Maine names career-technical teacher of the year

Peter Barlow accepts Maine’s 2012 Career and Technical Educator of the Year award for his excellence as a metal trades instructor in Mexico.
Click to view more photos from the event.

LEWISTON – Peter Barlow, a metal trades instructor at the Region 9 School of Applied Technology in Mexico, was named Maine’s newest Career and Technical Educator of the Year Friday in front of more than 400 of his colleagues. Barlow has taught precision machining and welding programs at Region 9 since 1991.

Educators gathered Friday to share best practices from around Maine at the third annual CTE conference at the Lewiston Regional Technical Center.

In announcing Barlow as the winner, Education Commissioner Stephen Bowen extended greetings from Gov. Paul LePage, who has made CTE a key element of the Administration’s education plan. He has consistently said students must have multiple options, and that while four-year college is right for many students, a technical education, including post-secondary skills training, should be seen as a viable path, and not as a “second class” option.

“Students in Mr. Barlow’s classes know that with effective training and education, they will graduate with the skills they need to pursue successful careers,” Gov. LePage said. “Congratulations to Mr. Barlow and to the Region 9 CTE school for your excellent work.”

In addition to teaching at the high school level, Barlow offers instruction to Region 9 adult education students in the evenings and has worked with a middle school industrial arts teacher to show students how CTE can enhance their schooling experience. Twenty-two of Barlow’s students have received the Maine Machine Products Company’s Quality and Precision with Pride Scholarship. Twelve of the recipients are currently working for Maine Machine, which specializes in producing precision machining parts.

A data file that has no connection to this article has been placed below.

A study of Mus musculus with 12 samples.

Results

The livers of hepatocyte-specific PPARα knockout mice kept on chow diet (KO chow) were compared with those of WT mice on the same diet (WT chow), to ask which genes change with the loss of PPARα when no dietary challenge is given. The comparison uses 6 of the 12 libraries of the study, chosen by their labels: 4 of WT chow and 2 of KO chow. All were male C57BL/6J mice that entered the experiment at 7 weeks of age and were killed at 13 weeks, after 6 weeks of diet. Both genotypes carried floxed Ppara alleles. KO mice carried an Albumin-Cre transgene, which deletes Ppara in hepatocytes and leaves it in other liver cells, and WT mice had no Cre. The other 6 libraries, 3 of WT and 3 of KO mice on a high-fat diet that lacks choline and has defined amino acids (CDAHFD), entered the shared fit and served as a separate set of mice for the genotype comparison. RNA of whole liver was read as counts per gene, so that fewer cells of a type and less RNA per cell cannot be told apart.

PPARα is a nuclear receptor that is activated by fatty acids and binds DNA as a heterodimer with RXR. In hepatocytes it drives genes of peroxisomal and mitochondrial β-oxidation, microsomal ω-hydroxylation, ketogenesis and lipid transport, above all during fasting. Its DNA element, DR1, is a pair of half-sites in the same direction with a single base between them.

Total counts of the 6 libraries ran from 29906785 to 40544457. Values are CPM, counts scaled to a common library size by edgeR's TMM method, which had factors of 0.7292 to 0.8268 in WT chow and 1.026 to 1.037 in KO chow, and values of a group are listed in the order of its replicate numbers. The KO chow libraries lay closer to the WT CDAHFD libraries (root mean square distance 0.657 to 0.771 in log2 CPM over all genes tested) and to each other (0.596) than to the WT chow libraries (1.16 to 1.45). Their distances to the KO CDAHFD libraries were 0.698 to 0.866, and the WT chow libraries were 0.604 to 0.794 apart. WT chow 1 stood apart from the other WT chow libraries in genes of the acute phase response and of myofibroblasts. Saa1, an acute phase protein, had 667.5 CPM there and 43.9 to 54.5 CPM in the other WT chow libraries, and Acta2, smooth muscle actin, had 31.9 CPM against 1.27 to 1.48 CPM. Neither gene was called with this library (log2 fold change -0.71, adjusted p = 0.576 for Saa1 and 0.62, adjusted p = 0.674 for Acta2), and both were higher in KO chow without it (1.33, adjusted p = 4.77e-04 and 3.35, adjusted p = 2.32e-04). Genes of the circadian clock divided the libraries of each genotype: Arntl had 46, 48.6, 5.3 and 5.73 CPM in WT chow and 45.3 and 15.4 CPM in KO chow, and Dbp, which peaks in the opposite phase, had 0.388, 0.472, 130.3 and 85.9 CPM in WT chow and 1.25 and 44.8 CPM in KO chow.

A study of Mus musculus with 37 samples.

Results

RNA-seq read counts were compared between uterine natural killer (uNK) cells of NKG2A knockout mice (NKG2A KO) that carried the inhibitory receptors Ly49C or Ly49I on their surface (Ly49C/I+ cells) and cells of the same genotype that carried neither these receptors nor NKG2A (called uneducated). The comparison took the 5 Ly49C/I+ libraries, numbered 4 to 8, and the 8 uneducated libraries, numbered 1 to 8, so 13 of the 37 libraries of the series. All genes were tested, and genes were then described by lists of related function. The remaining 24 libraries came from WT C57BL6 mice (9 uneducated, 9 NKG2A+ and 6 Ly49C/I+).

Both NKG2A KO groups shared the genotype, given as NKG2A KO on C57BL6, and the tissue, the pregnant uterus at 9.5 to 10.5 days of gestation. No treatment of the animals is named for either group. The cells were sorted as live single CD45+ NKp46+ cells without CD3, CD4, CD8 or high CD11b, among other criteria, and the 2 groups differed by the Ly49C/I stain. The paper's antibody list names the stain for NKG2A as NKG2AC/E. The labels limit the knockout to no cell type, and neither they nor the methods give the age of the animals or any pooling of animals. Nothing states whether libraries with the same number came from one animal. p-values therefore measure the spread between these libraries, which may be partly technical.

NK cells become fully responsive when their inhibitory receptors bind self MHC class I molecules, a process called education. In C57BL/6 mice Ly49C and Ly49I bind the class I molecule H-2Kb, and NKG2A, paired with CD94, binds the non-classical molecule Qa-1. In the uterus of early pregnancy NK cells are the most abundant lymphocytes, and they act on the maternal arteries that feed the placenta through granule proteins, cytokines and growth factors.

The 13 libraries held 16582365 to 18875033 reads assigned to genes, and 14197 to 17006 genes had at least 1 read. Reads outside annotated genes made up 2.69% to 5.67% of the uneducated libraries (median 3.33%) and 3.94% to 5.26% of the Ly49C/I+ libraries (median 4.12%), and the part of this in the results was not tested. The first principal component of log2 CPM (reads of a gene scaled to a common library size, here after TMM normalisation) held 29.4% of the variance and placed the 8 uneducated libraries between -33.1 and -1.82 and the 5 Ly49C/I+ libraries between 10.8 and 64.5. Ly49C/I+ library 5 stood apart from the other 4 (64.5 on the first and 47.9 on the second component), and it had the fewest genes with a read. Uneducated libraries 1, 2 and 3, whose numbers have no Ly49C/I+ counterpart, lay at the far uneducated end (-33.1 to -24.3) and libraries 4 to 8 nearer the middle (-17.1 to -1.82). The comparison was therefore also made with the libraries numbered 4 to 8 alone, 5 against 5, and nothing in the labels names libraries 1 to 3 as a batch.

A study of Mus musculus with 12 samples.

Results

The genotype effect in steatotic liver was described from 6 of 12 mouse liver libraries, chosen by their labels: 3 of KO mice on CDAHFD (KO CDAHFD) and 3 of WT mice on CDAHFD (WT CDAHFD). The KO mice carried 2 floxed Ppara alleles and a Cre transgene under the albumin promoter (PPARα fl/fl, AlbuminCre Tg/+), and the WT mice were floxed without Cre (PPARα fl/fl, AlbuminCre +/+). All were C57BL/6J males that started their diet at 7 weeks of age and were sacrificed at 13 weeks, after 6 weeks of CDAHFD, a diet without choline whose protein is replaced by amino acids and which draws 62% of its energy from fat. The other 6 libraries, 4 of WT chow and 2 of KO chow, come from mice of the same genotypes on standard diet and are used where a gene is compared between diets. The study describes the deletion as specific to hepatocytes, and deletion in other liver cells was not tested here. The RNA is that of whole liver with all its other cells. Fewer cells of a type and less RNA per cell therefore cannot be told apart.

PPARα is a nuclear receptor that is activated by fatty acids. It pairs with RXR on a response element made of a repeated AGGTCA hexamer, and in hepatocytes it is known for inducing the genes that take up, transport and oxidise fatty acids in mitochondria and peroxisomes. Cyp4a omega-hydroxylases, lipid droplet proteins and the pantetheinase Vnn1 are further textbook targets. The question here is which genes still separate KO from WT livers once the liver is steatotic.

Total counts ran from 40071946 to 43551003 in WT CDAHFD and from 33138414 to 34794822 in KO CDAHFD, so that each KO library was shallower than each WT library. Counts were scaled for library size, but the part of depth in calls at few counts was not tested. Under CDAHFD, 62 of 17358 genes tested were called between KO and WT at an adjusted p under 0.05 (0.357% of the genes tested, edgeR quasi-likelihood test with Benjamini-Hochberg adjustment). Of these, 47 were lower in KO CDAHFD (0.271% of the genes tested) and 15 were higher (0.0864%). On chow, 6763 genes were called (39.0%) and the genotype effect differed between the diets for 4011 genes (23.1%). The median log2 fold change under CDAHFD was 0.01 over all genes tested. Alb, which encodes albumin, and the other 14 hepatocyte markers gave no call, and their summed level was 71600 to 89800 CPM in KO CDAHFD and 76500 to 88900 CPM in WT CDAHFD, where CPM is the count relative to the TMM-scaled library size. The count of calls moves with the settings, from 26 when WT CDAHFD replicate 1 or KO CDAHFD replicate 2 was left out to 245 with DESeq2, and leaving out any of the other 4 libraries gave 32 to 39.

During the conference, the Maine Administrators of Career and Technical Education offered more than a dozen breakout sessions. Teachers attended sessions on topics ranging from determining students’ learning styles to developing meaningful writing prompts for CTE classrooms. In one workshop, the director of Bangor’s United Technologies Center – the facility largely responsible for Hermon High School’s recent launch of the Bridge Year high school program – explained how to design a partnership between CTE, the local high school, a community college and Maine’s university system to build a program that will allow students to attain both their high school diploma and an associate’s degree in five years, a model proposed by Gov. LePage before he entered office.

Maine has 27 secondary CTE centers and regions that provide students with industry-based, 21st-century career and occupational skills and knowledge, as well as pathways to post-secondary education and training.

The LePage Administration has improved access to CTE programs for all students and the transferability of credits to higher education. CTE is an integral part of Gov. LePage’s ABC plan for education and the Department’s strategic plan.